GOP tax bill victimizes California wildfire and other disaster survivors
News: 2017 Press Release
According to a Congressional Research Service report, a total of 16 major disaster declarations were made in the state of California between 2000 and 2013. During that time, the federal government denied five disasters the federal disaster declaration. The 2016 Erskine Fire, which destroyed 290 homes, killed two people, and was one of the most destructive in Kern County history, was not declared a federal disaster. Had the GOP tax bill been law in 2016, Erskine Fire victims would not have been able to deduct their uninsured losses.
The GOP tax bill's elimination of the deduction for losses not declared a federal disaster also victimizes those who suffer damage to their homes and property apart from a disaster, because the current deduction applies to any casualty loss, which includes the theft of a vehicle or other property, damage or destruction of a home due to everyday common occurrences and losses.
"It is outrageous for President Trump and the GOP leadership in Congress to require wildfire survivors to bear the brunt of uninsured losses when they have already endured so much pain and loss," said Insurance Commissioner Dave Jones. "The GOP tax bill further victimizes wildfire and other disaster survivors where a federal disaster is not declared. It also victimizes those who suffer damage to their homes or other property where there was no disaster, such as kitchen fires, flooding caused by burst pipes, theft of a vehicle and other losses not covered typically by insurance."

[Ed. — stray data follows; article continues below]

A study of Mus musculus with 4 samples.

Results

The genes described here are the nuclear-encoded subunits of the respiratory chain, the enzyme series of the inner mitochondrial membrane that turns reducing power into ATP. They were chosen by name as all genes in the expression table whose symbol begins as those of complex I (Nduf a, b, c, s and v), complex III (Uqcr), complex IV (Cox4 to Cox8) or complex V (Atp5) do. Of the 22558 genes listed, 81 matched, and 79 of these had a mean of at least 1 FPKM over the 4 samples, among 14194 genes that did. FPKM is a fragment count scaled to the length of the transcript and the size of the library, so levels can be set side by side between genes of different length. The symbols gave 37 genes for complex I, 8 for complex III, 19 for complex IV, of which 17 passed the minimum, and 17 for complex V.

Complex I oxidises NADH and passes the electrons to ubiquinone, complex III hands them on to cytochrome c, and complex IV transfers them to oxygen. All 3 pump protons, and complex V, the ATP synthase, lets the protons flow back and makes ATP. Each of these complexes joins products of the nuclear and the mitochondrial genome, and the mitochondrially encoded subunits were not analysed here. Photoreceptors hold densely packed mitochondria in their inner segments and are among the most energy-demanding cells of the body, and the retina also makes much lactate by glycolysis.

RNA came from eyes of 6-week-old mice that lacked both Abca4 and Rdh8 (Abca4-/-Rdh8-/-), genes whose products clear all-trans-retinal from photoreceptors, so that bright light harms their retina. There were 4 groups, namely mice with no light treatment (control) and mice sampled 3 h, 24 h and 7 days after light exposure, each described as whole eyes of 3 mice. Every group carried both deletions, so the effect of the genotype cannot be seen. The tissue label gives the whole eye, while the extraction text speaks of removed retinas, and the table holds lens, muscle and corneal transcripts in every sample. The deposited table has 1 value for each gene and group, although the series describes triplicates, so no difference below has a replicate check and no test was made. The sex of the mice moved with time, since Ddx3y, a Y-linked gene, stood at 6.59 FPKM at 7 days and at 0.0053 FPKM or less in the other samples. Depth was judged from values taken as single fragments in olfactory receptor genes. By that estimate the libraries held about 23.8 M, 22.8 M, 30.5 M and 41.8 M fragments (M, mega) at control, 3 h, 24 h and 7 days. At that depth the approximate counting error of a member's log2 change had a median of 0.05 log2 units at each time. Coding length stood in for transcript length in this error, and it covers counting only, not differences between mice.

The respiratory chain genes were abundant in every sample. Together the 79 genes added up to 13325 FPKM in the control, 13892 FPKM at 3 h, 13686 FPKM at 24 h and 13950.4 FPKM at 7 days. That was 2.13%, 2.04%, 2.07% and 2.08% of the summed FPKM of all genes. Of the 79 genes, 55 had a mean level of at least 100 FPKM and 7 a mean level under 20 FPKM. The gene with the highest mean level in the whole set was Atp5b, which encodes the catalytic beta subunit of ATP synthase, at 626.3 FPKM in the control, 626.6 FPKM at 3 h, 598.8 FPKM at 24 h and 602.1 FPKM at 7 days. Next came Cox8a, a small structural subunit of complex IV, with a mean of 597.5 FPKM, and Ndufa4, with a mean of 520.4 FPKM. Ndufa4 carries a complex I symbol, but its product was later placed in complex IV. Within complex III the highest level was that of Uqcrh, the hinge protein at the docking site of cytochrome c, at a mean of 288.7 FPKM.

"GOP Majority Leader Kevin McCarthy knows that many fires are not declared federal disasters—he complained vociferously when the Erskine Fire was not declared a federal disaster—and now he supports a GOP tax bill that eliminates a tax deduction for which his own constituents were eligible after the Erskine Fire in Kern County," continued Jones.
Areas burning now or burned recently are subject to flooding and mudslides when rain hits these vulnerable areas already devastated by fire. Losses suffered in the future won't be deductible, unless the president declares a federal disaster.
Californians are not alone in facing more frequent, more severe and more unpredictable catastrophic weather related disasters, including fires, floods and sea level rise. Uninsured damages can result from a lack of coverage, and even if the survivor has insurance, policyholder deductibles or insurance that reaches its maximum pay outs are common after every disaster. Many fire and other disaster survivors find themselves with large uninsured losses. The existing federal tax deduction provides relief for them.
In 2015, Americans deducted $1.6 billion for uninsured losses from natural disasters, according to the Internal Revenue Service.
The California Department of Insurance, established in 1868, is the largest consumer protection agency in California. Insurers collect $310 billion in premiums annually in California. Since 2011 the California Department of Insurance received more than 1,000,000 calls from consumers and helped recover over $469 million in claims and premiums. Please visit the Department of Insurance website at www.insurance.ca.gov. Non-media inquiries should be directed to the Consumer Hotline at 800.927.4357. Telecommunications Devices for the Deaf (TDD), please dial 800.482.4833.